The latest data on economic growth have, however, punctured that narrative reasonably effectively. While full-year growth for 2016-17 came in at a respectable 7.1 percent, the numbers have benefited from a change in how inflation is measured. The real news is that fourth-quarter GDP growth fell to 6.1 percent -- lower, in other words, than China's. India's no longer the fastest-growing large economy in the world, and government ministers are going to need a new first line for their speeches.
It would be easy to blame this on Prime Minister Narendra Modi's disastrous decision, last November, to withdraw 86 percent of India's currency from circulation. His predecessor, Manmohan Singh, said in Parliament at the time that the move might dent growth by two percentage points or more, and that estimate might well be borne out by these numbers.
But what's more worrying is that it's now clear that India's economy was slowing well before Modi delivered a coup de grace last November. Growth in gross value added -- output as measured from the economy's supply side -- has slowed every quarter since last spring: It's down from 8.7 percent to 5.6 percent in these latest figures. The problem isn't just demonetization: Something is very wrong with India's engine of growth, which looks to be spluttering.
The biggest problem is, of course, that nobody is investing. Those speeches about how India was the world economy's sole bright spot might have won enthusiastic applause, but too few investors and companies followed up with actual money. As a proportion of GDP, investment has trended downwards for some time, and is now well below 30 percent. Investment actually shrank in absolute terms in 2016-17.
Partly, that's because the government has simply not moved swiftly or decisively enough to address India's mountain of bad loans beyond passing a bankruptcy law and, more recently, giving the central bank additional power to force resolutions in the most pressing cases. Much of Indian investment, even for large-scale, growth-enhancing infrastructure projects, is routed through banks. And public-sector banks, struggling with their balance sheets, are reluctant to lend. Bank credit growth has recently hit multi-decade lows.
But that's hardly the only problem. As and when banks are willing to lend, they find too few takers for funds. Companies complain, of course, that the Reserve Bank of India -- now officially targeting inflation -- is keeping real interest rates too high. What's more relevant, however, is that the government hasn't worked hard enough to reduce the sort of risk that worries investors who've been burned multiple times in the past when they reposed faith in the "India story." India desperately needs a more efficient and less intrusive state, as well as deeper and more flexible markets. But structural reform of that sort has been taken off the government's agenda.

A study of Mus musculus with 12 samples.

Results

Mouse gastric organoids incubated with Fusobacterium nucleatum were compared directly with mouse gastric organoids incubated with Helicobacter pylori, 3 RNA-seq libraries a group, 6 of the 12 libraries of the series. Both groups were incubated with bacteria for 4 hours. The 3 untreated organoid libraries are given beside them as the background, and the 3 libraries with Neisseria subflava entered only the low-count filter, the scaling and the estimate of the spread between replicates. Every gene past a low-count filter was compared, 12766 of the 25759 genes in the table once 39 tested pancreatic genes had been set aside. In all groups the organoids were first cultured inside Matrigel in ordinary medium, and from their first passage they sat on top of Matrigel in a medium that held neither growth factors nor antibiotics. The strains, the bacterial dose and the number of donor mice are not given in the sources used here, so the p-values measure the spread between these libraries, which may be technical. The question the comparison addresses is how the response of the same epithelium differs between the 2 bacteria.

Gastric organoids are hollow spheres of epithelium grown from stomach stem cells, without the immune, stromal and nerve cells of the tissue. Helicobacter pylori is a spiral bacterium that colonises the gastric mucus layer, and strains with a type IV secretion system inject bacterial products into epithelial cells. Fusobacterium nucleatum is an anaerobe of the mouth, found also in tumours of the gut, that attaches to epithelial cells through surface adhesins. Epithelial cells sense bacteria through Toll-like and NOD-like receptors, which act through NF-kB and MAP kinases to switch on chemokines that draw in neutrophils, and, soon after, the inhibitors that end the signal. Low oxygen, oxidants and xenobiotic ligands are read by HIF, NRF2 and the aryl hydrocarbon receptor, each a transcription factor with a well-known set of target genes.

The finance minister, in a press conference after the GDP data was released, defended the government's record by highlighting the troubles it inherited, and the poor monsoons with which it's had to deal. He wasn't wrong, but that's not the whole story. While the government inherited an underperforming economy in 2014, the data show it was tracking upwards. The business cycle was turning, commodity prices were easing and growth was increasing steadily as Modi took office.
And while there have indeed been bad monsoons, the last one was excellent -- a fact that's visible in the strong performance of the agricultural sector in the latest data. In other words, if the economy started slowing two years into the government's tenure, and that loss of momentum has continued and intensified, then it can blame nobody but itself.
What has India's government done wrong? Its greatest faults have been a lack of focus, a shortage of ambition and misplaced priorities. Since he took over three years ago, Modi has focused on being simply a competent manager and an investment-oriented marketing man for the India story. He seemed to believe that would be enough to propel India to double-digit growth.
But it's now clear that this simply isn't enough. Deeper reform can't be avoided any longer: defanging India's obstructive state, cleaning up its judicial processes and dispute resolution, reforming and privatizing state-owned banks, easing restrictive land and labor laws. Investors were willing, early in Modi's tenure, to buy into the idea that he would start on some of these long-pressing problems; that enthusiasm has clearly dissipated now.
Given that the political opposition is in disarray, Modi might imagine that he will coast to reelection easily in 2019. But these numbers should be a wake-up call. Unless he starts working on real structural reforms immediately, the damage to India's growth story -- and to his own image -- could be permanent.